Holistic Budgeting 

City uses long-term goals to focus budget

The world is filled with holistic everything. Holistic healing, holistic food, but holistic city budgeting?

That's the approach the Boise City Council took for the first time this year when allocating funds in its latest two-year budget, which was approved on Aug. 14. Rather than pitting city departments against each other in a battle for funds, the city based its budgeting process on the city strategic plan.

Teams drawn from numerous city departments looked at what needs to be done to meet specific city goals, and then reported to the council. Funds were allocated to the various departments based on what needs to happen to reach those goals. "It's a really new and different thing for the city to do," said Council President Elaine Clegg.

"We approached [the budget] in a whole-city sense," said Council member Maryanne Jordan, who credited the process with making perennially dull budget hearings more understandable for everyone involved.

"It helps not only the departments, but the public, understand the decision-making process as well," she said. "We all recognize what we see as important, but we have to balance that as a whole."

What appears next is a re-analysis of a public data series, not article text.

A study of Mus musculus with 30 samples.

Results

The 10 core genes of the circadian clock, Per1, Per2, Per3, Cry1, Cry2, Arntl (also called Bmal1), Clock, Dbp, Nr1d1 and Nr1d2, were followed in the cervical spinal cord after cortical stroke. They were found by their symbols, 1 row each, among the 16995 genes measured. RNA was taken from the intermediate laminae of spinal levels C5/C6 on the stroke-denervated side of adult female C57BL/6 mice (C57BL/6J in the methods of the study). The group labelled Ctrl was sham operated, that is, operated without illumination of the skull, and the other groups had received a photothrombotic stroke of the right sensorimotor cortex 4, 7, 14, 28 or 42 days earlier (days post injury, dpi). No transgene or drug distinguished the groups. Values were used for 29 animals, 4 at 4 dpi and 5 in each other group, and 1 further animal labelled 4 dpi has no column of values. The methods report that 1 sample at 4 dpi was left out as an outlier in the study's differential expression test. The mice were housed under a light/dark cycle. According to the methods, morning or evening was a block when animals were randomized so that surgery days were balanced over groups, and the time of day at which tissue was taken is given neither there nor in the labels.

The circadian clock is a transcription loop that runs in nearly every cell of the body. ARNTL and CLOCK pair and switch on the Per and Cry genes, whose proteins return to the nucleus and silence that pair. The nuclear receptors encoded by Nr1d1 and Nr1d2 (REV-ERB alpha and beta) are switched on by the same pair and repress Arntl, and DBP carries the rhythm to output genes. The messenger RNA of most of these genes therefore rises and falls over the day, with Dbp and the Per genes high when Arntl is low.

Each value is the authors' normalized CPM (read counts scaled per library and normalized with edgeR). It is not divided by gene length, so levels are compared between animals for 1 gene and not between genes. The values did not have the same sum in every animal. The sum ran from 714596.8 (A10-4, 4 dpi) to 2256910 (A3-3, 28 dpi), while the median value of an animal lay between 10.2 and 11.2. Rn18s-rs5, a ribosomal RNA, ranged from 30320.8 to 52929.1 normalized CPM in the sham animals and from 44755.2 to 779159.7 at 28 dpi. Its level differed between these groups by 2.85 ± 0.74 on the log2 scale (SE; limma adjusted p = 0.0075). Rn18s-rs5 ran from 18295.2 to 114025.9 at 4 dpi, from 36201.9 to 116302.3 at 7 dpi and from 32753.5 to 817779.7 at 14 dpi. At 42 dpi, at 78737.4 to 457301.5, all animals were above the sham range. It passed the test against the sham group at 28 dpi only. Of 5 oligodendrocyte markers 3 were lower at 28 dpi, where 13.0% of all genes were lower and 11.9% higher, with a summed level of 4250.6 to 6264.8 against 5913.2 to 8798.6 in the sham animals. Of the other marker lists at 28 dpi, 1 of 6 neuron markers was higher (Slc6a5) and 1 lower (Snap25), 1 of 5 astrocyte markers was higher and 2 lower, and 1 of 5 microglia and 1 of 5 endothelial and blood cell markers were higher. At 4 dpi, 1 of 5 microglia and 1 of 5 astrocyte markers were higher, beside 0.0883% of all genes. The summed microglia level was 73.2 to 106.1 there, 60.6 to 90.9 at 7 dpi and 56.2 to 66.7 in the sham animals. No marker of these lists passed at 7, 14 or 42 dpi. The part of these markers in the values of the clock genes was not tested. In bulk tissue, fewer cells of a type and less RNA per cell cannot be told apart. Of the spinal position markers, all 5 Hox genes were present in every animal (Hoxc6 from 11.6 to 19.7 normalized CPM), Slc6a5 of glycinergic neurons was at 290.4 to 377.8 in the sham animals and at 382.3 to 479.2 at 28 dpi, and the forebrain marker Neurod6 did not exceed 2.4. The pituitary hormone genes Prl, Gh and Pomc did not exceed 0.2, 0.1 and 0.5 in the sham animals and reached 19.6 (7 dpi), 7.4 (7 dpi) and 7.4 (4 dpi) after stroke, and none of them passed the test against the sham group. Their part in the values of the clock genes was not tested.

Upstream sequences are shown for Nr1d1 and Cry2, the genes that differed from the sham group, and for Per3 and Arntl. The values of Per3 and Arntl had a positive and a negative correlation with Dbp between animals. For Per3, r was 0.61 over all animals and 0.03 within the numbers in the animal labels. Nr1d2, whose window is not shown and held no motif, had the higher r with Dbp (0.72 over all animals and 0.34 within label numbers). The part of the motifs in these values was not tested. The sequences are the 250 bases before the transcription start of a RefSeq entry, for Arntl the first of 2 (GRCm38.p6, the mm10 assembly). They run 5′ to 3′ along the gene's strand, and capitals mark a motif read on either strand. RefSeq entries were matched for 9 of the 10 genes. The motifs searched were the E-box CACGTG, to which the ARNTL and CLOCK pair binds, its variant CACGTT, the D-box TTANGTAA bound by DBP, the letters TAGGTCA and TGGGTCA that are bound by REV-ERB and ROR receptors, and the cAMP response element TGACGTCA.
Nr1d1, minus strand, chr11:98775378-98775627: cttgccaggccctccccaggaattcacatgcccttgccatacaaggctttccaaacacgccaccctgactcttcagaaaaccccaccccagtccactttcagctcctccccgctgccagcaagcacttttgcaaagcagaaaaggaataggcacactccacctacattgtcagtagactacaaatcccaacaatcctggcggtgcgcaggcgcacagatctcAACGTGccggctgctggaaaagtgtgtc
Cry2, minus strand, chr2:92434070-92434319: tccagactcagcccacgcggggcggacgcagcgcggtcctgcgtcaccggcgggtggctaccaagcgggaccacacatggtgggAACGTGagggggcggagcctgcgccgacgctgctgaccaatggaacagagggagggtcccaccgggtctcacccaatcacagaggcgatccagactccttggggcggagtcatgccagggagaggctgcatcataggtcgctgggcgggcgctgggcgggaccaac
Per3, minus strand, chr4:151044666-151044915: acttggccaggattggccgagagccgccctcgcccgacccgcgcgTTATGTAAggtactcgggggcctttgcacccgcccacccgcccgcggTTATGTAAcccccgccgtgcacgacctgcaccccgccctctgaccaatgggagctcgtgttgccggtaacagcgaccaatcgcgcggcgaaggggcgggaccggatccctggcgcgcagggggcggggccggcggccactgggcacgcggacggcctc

Clegg said when many of the current council members came into office, city money was spent like someone sitting down to pay bills, with little advanced planning involved and even less money set aside for larger projects.

"We know what our strategic direction is; now we have performance goals," she said.

Among the advantages of the new system, Clegg pointed to improved maintenance and repair programs across the city, and a more substantial capital fund which has allowed the city to take on projects like the new City Hall West without raising taxes.

One item on which the council voted to focus funds goes along with the city's new holistic planning approach. Blueprint Boise is an effort to create a new city comprehensive plan, as well as new zoning and subdivision codes, by using community priorities as guidelines.

Beginning this fall, the public will have a chance to weigh in on what the city should be in the future. This means everything from growth to transit.

"The way the city will develop in the future will differ depending on those plans," Clegg said.